The Vestry of St Mary Magdalen, Bermondsey, later the Metropolitan Borough of Bermondsey, were rightly very proud of their public baths.  The Vestry was one of the first local authorities to adopt the Bath and Wash-houses Act of 1846 which permitted local authorities to borrow against the rates for the purposes of building facilities where the poor were able to wash and bathe.  This Act had been passed as a result of a Royal Commission into the Sanitary State of Large Towns and Populous Districts which identified lack of facilities where the poor, living in densely populated and often insanitary conditions, were able to keep themselves clean which led to ill-health and the spread of disease.   Access to cheap bathing facilities was seen as a means of enhancing health and well-being.  The emphasis would be on the provision of amenities for the working classes who would pay a lower rate than the middle classes which led to the practice of both first and class baths being provided.

 

By 1851, Commissioners for Public Baths and Wash-Houses in Bermondsey had been appointed who advertised for a suitable plot of land.  One was found on the corner of Spa Road and Neckinger where previously a tanners had been situated. The foundation stone was laid by Mr G Bevington of Neckinger Mills tanning family on 25 August 1953 and the baths completed and opened in July 1854.  In the first six months there were 61,899 bathers and 4,236 using the clothes washing facilities which jointly produced an income for that period of just over £873. It was a simple, mid-Victorian building and The Swimming Baths of London, 1870 gives the following description of the interior and facilities:

 

“This bath is 13 yards long by 9 wide. The sides are of white porcelain tiles, the top row having an ornamental blue pattern. Bottom of white glazed bricks. Depth from 3 ft 6 in. to 5 ft 6 in. The ceiling, of tasteful iron work, nicely painted, forms a double slope, in which there is plenty of glass to illuminate the bath well. The bathing boxes, 34 in number, are at both ends of bath, 18 at the deep end, in two tiers, 14 at the shallow end similarly arranged. They are roomy, neatly painted, and are provided with mirrors and curtains in place of doors. There is a broad footway in front of the boxes, and a gangway across the water at one side, leading from one end to the other, and which, being about 5 feet above the water, may be used as a spring-board. Walls painted in oil colour rise from the water on both sides. The water is quite clear. There is a second class bath precisely the same in dimensions, the only difference being that the boxes are not painted nor furnished with mirrors or curtains, and that there is no ornamental border round the top of the bath.”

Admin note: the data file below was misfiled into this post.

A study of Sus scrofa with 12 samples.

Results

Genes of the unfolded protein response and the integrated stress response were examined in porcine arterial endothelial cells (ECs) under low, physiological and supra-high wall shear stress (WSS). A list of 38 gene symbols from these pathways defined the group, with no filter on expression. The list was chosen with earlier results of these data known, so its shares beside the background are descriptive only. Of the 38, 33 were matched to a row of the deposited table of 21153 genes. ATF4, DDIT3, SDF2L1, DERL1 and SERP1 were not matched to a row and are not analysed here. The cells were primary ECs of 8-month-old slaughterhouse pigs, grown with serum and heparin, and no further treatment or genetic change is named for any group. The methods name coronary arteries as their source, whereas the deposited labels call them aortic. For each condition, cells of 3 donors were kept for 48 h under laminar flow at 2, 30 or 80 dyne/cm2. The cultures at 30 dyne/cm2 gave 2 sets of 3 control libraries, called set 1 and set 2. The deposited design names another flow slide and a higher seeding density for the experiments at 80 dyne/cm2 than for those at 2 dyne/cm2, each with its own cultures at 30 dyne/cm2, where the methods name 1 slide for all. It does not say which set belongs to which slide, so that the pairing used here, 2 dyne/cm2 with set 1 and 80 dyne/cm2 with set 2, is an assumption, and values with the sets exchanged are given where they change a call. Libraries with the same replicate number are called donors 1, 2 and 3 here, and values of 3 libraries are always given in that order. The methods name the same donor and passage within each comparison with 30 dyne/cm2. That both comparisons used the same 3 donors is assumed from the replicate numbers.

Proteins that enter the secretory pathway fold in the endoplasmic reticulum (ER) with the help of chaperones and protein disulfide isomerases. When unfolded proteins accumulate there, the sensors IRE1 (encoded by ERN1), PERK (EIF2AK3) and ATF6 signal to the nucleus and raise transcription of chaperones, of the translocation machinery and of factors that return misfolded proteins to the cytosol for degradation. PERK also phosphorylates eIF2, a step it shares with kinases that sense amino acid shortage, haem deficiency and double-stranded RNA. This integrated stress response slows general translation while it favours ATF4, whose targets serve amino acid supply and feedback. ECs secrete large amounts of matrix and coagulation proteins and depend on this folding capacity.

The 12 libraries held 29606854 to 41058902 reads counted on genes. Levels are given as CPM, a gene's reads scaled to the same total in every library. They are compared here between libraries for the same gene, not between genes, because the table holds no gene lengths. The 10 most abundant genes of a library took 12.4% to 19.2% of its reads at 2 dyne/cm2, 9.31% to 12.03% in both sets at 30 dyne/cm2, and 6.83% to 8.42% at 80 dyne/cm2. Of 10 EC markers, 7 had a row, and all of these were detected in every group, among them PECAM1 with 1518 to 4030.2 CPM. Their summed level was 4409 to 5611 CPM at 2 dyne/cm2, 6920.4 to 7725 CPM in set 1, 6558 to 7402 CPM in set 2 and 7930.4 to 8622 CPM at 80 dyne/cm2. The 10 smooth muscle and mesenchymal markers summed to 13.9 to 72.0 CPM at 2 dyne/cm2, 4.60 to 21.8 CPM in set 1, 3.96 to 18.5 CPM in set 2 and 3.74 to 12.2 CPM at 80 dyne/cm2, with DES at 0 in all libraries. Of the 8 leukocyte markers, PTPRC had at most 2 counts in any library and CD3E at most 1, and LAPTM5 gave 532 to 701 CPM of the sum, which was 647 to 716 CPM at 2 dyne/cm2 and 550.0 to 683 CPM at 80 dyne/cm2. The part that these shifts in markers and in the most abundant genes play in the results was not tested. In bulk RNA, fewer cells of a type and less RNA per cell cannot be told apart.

By 1920, the baths and wash-houses had become both dilapidated and out of date and Bermondsey Metropolitan Council decided to erect a new building “in keeping with more modern ideas and requirements.”  A site was acquired on the corner of Grange Road and Bacon Grove and a grand building erected in a style to reflect the civic pride shown by local councils throughout the country at that time.  The Bermondsey Guide of 1928/29 describes the new building at a time when it was estimated only one house in 500 had a bathroom:

 

“Unavoidable difficulties in obtaining possession of the site purchased for the new building in Grange Road coupled with the general strike of May 1926 delayed building operations but the work progressed rapidly once it was put in hand and the completed building was opened on September 24 1927.

 

 

Bermondsey Baths Grange Road

“Externally the building, simple and dignified in design, is an ornament to the borough and one of the best pieces of municipal architecture in London. Internally it is the last word in fitting and equipment and all the more noteworthy because it was erected by direct labour – the only public baths to be so erected in London.  

"Direct labour was employed not only in the general trades including the ferro-concrete construction work, the manufacture of the patent stone used and of the whole of the joinery.  All this work was carried out by the Council’s employees in the council’s workshops or on the site.  The electrical installation was also carried out by the  borough electricity department by direct labour.

 

“The baths are a complete modern establishment in every detail and comprise slipper baths for men and women, two swimming baths, Turkish and Russian baths and a public laundry.  The first class swimming bath is 100 feet long and 39 feet wide, and is equipped with a diving stage.  It has a fine vaulted roof, a public gallery and rows of collapsible teak dressing rooms which will form a wainscot when the bath is in use as a hall.  This splendid  bath will be used in winter as an Assembly Hall when it will be covered a removable floor and thus be usable for dances, meetings and cinema shows.  There is a fully equipped cinema room.

 

“Amongst numerous other striking features of these magnificent baths may be noted its vacuum cleaning plants, its intercommunication telephones and its emergency gas service.  Its public laundry, too, with its forty drying horses, each operated by its own air heater and fan, its power driven mangles and electric irons is a boon which the housewives of the borough will not be slow to appreciate.”

 

The old baths in Spa Road had been demolished and grandiose municipal offices erected on the site which have now been converted into residential apartments called Bath House Lofts.  The Grange Road baths suffered structural damage during World War II but were not closed until 1973.  The building was demolished and is now the location for flats.